With a general consensus that state law does not go far enough in keeping sex offenders off school grounds, administrators and board members at Greencastle Community Schools may soon adopt a sex offender policy for the district.
District safety specialist Shawn Gobert presented the school board with a first reading of a sex offender policy at Wednesday's monthly meeting.
The plan received the board's general approval and appears headed for passage at a future meeting.
The proposed policy is simple enough in that, except in certain circumstances "the Greencastle Community School Corporation will not permit registered sex offenders to be on GCSC property."
The policy would further allow school administrators to direct unauthorized offenders to leave school property immediately.
The draft continues, "A registered sex offender may not attend school functions held on school property."
Violations of the policy may subject a person to prosecution for criminal trespass.
The policy does not apply to sex offenders whose names no longer appear on the registry.
Because sex offenders are sometimes parents, guardians, grandparents or other relatives of students, the new policy would also establish a method for offenders who truly need to be on school grounds to still do so.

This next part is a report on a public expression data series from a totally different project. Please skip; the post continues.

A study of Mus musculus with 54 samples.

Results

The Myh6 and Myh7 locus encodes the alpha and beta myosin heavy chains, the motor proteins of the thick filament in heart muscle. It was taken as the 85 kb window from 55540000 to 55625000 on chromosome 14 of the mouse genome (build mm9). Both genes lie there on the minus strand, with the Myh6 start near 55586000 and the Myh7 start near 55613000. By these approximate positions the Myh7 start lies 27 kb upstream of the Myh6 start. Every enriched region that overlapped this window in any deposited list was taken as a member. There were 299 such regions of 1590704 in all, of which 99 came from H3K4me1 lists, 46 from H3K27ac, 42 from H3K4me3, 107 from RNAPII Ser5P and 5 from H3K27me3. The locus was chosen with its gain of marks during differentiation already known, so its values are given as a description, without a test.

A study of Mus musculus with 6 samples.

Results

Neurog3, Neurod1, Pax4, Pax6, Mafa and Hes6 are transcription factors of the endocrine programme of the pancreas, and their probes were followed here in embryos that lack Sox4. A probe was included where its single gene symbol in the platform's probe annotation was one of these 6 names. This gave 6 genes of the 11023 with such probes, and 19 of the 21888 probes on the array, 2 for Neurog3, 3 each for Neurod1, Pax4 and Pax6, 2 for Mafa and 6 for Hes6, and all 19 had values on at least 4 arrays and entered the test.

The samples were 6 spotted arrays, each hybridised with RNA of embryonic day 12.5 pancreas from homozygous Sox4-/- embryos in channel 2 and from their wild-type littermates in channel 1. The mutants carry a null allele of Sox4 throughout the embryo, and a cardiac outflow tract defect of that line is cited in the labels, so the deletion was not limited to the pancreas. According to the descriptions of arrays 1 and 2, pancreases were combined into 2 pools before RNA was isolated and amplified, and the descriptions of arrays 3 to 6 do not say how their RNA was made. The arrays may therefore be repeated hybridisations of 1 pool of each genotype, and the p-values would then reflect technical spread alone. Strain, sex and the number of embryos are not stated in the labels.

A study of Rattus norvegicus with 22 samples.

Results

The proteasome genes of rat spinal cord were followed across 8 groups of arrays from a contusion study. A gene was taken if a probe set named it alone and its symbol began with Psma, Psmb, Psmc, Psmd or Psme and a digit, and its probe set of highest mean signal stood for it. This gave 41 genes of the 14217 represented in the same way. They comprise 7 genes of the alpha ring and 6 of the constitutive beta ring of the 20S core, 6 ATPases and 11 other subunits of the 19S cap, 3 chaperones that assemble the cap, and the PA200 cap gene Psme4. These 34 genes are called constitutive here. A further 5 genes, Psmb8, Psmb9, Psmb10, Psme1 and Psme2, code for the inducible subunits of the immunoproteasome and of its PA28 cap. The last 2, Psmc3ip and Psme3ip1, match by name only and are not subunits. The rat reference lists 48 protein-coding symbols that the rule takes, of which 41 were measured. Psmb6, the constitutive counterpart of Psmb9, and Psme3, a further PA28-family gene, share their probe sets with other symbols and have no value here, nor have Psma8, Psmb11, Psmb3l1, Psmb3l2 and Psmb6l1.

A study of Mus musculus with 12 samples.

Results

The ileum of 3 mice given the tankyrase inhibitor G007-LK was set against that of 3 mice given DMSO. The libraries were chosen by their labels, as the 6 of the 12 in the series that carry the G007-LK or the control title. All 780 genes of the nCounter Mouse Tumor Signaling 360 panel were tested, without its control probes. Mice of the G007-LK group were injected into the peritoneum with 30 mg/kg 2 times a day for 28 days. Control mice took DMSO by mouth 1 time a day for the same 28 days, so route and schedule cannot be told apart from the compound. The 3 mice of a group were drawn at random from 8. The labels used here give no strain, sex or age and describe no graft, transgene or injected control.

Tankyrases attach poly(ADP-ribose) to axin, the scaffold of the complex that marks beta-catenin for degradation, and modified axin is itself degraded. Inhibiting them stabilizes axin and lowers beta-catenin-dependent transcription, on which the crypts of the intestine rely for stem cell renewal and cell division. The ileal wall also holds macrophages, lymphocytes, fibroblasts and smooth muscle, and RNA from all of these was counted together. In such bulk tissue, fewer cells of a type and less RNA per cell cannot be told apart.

This would involve the establishment of an Individual Access and Child Protection Plan (IACPP). The IACPP would be a written plan agreed upon by the school safety specialist, superintendent and building principal of the circumstances under which the offender could be on school grounds.
These circumstances could be limited to a particular event, such as a concert or other program. There may also be a stipulation that the offender be monitored by a school administrator or even a law officer.
The process of obtaining an IACPP would commence with an application that divulges the nature of the person's crime, as well as a reference from a respected community member.
The majority of schools do not have such a policy on the books. Greencastle's proposed policy is modeled on that of Vigo County schools.
Superintendent Lori Richmond said there has not been an issue in the school, but passage of the policy would simply be a proactive measure.
"This puts us up with getting the policy in place before we have the issue," Richmond said.
The proposed policy will be revisited at an upcoming meeting.